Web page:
Information about a captured Mozambican insurgent leader called Juma Saide Mussa started surfacing on social media on Sunday.
The date and location of Juma’s capture remains unconfirmed. It is believed that he was caught by Mozambique Defence and Security Forces (FDS), but whether soldiers from Rwanda Defence Force (RDF) or Southern African Development Community (SADC) Mission in Mozambique (SAMIM) were also involved is unknown. An official statement is yet to be released.
Juma is 39 years old and is from Cabo Delgado province’s coastal Macomia district.
Insurgents reportedly forcibly recruited Juma less than two years ago during the first week of October 2020 after Pangane village, near the administrative post of Mucojo in Macomia district was attacked on 30 September.
“When they took me from Pangane, we went to the region of Muera, district of Mocímboa da Praia,” Juma explained in a video of him being interviewed by Mozambique Defence and Security Forces (FDS).
In it he can be seen shirtless and is eating something with his fingers.
He is speaking Kimwani and Kiswahili.
One of the main reasons Juma Saide was first taken by the terrorists was because one of the villagers told the attackers that he was a sailor, Mediafax reported.
He told the FDS he was forced to command a vessel transporting some of the insurgent leaders, supplies and looted goods from Pangane to Mocímboa da Praia on the same day that he was kidnapped.
Insurgents occupied all of Mucojo between Wednesday 30 September and Thursday 8 October 2020. The coastal area stretching north past Quiterajo to Mocímboa da Praia was under insurgent control.
What is known from that time is that insurgents stole at least eight boats and travelled from Pangane to Mocímboa da Praia.
Pangane was one of Macomia’s main fishing centres. Fishermen from Nampula, Mocímboa and even Tanzania lived and worked there.
Seafaring skills are appreciated by the insurgency and Juma quickly rose to leadership rank, he explained. He even commanded some operations.
The insurgency’s aim in Mozambique is for Islam to have power or “expression”, Juma explained.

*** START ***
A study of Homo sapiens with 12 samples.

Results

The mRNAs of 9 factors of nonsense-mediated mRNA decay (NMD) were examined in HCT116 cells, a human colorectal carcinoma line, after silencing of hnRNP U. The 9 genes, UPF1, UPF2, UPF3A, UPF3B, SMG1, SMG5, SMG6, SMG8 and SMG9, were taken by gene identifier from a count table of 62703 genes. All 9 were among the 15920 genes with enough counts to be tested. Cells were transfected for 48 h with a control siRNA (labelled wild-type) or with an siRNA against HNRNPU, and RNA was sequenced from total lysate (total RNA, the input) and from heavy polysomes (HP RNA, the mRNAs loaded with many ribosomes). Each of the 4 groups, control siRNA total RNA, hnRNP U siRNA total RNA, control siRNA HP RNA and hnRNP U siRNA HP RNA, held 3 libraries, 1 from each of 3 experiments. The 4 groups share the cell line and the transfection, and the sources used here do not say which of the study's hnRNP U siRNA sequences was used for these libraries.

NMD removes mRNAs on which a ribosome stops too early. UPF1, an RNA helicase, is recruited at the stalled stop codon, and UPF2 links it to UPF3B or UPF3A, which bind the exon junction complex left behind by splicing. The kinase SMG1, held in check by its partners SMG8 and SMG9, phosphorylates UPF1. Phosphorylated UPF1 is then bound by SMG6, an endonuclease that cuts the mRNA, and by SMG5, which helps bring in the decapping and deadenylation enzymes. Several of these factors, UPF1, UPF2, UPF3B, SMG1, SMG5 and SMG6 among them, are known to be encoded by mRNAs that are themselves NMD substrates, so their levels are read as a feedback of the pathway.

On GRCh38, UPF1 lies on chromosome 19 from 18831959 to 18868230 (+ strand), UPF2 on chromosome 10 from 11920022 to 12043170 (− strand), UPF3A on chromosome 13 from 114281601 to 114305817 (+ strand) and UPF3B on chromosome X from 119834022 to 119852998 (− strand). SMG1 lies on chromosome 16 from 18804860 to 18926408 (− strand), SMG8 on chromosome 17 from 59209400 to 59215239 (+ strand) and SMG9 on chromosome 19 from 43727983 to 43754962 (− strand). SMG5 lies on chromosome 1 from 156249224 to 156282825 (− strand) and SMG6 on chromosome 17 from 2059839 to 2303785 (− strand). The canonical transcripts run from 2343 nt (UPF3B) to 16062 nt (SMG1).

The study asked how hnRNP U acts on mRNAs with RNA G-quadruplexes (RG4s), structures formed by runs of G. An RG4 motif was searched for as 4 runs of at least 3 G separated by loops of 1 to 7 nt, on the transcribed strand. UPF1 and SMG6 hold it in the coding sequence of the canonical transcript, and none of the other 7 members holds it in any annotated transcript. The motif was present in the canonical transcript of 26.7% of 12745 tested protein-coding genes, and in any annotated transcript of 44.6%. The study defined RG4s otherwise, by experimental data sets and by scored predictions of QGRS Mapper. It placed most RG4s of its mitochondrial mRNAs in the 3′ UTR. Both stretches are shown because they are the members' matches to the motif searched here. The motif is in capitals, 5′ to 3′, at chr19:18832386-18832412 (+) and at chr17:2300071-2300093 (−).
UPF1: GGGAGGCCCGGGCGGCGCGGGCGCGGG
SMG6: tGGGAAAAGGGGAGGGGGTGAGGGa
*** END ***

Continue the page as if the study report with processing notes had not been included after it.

Prior to his abduction and recruitment, Juma was never linked to radicalisation, according to those who know him. As a child he attended madrassa like his peers. He left school after elementary level and did not study beyond primary.
His mother is of Quirimbas heritage, Mediafax reported, while his father is described as having been a small local business owner in Pangane village.
Juma worked as a motor boat sailor for a local business owner Abubacar Achime before joining the insurgency.
Achime, who died last year, was once arrested on charges of links to terrorism. No evidence was ever presented, but he was forced to pay MZN400,000 (nearly $6,300) to be released, in a hostage scheme which allegedly involved local elements within state intelligence and security services, and the district attorney's office.
The capture of seven insurgents in Litingina village, Nangade district was reported by Pinnacle News on Thursday.
A list of names was later shared on Saturday.
Names listed included Anfai Supper, Zechariah Sumail, Ayuba Yassine, Selemane Nze, Sufo Maulana, Abdala José and Abudo Sele Anfai.
Additionally, the capture of a Tanzanian insurgent, identified only as Ali, has also been reported.
Official confirmation has not been released.
This article was produced by Zitamar and Mediafax under the Cabo Ligado project, in collaboration with ACLED. The contents of the article are the sole responsibility of Zitamar News.